How Martin Parr stopped these guys looking at his camera

The inquisitive British Magnum photographer on Mormons, patience, and making a personal connection
Szechenyi thermal baths, Budapest, Hungary, 1997. All photographs by Martin Parr. Copyright: © Martin Parr, Magnum Photos, Rocket Gallery

What does it take to unseat so accomplished a photographer as Martin Parr? Try zip-lines and polygamy. In an interview with Wanderlust magazine, timed to coincide with the Magnum president’s Outstanding Contribution to Photography show at the 2017 Sony World Photography Awards in London, Parr revealed that a trip to the US in 2016 ranks among his strangest assignments.

“Last year, I went to a Mormon community,” he says. “After photographing this guy with his two wives and 16 kids we went out zip-lining. That was pretty weird.”

 

A solitary swim at an outdoor pool in Scotland, 1995
A solitary swim at an outdoor pool in Scotland, 1995

Though Parr heads up the Magnum Photo agency he admits that he has never tried to shoot on war or conflict imagery, as many of Magnum’s members do. “I spend a lot of time photographing and I do go to great lengths, but I don’t do hard news, where you have to go to great lengths to stay in a war-damaged town or something like that,” he says. “I go to interesting places that are easy to get on with. My subject matter is the Western world. That’s what interests me most of all and that’s really what I pursued consistently over the last 45 years.”

 

Sorrento, Italy, 2014
Sorrento, Italy, 2014

And while he’s travelled extensively, he still believes Britain to be among the most exotic of locations for a photographer such as himself. “The Brits are pretty exotic themselves,” he says. “They wear strange uniforms. They dress up in ritualistic stuff. I’d say they’re in the Top 10 of exotica.”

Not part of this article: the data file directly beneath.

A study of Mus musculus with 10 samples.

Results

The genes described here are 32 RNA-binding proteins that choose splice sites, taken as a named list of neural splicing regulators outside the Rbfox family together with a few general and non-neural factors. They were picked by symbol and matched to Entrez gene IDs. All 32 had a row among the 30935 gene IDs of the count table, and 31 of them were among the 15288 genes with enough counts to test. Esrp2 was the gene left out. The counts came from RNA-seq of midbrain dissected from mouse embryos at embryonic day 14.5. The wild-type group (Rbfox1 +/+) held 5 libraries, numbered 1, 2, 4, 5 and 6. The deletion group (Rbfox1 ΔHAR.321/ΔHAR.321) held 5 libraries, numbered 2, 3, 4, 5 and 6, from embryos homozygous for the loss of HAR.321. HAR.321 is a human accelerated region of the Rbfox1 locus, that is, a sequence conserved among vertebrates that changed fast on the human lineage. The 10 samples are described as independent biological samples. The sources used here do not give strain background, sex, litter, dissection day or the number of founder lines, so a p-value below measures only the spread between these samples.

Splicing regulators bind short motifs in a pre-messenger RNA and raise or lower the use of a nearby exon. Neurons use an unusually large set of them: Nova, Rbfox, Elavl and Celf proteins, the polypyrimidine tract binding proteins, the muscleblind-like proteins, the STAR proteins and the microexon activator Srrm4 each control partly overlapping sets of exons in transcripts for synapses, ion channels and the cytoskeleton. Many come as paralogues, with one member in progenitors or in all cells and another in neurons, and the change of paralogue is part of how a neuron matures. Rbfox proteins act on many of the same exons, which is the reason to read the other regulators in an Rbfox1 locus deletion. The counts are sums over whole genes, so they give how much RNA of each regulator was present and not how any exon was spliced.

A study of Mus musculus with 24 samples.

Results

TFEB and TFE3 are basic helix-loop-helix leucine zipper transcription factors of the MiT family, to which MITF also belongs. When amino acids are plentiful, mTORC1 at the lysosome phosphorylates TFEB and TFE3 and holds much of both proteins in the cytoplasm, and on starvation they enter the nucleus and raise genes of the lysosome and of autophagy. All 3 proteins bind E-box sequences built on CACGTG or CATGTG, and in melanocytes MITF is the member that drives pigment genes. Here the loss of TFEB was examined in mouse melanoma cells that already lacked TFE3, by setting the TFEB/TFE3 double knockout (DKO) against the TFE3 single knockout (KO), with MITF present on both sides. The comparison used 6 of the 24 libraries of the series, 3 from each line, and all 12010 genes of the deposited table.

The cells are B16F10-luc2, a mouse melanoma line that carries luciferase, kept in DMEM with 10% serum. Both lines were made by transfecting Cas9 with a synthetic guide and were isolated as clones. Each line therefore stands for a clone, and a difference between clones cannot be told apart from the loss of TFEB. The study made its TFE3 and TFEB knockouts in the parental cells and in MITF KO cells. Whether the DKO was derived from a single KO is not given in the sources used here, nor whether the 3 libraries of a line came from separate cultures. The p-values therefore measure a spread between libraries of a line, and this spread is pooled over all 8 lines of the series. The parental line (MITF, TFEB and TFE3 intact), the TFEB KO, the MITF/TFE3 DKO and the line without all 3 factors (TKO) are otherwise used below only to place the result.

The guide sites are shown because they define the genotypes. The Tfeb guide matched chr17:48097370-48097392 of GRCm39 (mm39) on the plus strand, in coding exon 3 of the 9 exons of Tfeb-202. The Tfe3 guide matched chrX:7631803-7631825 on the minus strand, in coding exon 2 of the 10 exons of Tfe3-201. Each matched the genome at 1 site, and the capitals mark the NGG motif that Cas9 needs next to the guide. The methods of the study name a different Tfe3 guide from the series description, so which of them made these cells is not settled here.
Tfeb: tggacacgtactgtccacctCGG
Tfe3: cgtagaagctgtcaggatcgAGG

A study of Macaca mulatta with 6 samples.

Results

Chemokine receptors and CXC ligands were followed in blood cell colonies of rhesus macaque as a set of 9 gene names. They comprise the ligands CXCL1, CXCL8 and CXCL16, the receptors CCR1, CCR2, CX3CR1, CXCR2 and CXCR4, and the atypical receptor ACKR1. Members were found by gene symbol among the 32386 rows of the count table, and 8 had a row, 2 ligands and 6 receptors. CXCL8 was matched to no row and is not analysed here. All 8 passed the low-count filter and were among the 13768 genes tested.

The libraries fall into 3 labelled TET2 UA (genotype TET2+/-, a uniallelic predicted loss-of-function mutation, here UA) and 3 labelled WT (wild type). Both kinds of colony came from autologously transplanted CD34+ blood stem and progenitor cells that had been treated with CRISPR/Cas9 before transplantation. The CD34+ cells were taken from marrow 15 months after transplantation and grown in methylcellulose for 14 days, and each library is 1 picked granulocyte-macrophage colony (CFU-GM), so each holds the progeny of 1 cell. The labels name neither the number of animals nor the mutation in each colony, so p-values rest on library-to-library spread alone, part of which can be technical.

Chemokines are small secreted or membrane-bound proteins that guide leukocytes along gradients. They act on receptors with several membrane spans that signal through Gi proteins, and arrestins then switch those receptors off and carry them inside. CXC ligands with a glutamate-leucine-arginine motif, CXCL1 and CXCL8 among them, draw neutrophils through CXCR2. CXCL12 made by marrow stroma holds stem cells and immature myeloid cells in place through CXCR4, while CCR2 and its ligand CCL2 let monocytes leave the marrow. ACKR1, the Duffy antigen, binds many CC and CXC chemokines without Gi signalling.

So, what do you need to capture such cultural quirks? Well, patience for a start. Speaking with reference to his 1997 shot of chess players in a Hungarian bath house (top), Parr said he had a to wait a while for his subjects to look away from the camera. “The photographs where people are looking at me generally get eliminated,” he explains. “I work very hard and very long hours, so if you’re out there long enough, you’re going to earn some luck. That’s what some people don’t really appreciate: how much effort you have to invest in getting a decent set of photographs. On one level, photographing is very easy, and on another, it’s very hard.”

 

Glencar, County Sligo, Ireland.  Abandoned Morris Minors, from 'A Fair Day', 1980-1983.
Glencar, County Sligo, Ireland. Abandoned Morris Minors, from 'A Fair Day', 1980-1983.

Long hours aside, Parr also says good photographers need to have “a real belief in your ability to do that and to find a connection to the subject matter that is very personal, very subjective.”

That might sound strange coming from an artist whose sometimes accused of exploiting his subjects. Yet Parr is pretty tough skinned when it comes to criticism. “I realised pretty early on, when I did the The Last Resort, the first project I did in colour, that controversy was quite a good thing. I don’t look for it, but neither do I grimace when it comes along. I accept it fully and realise that it has a part to play.”

 

The Grand Canyon, Arizona, USA, 1994. From 'Small World'.
The Grand Canyon, Arizona, USA, 1994. From 'Small World'.
 

Want more on Martin Parr? Then take a look at our many books with him here.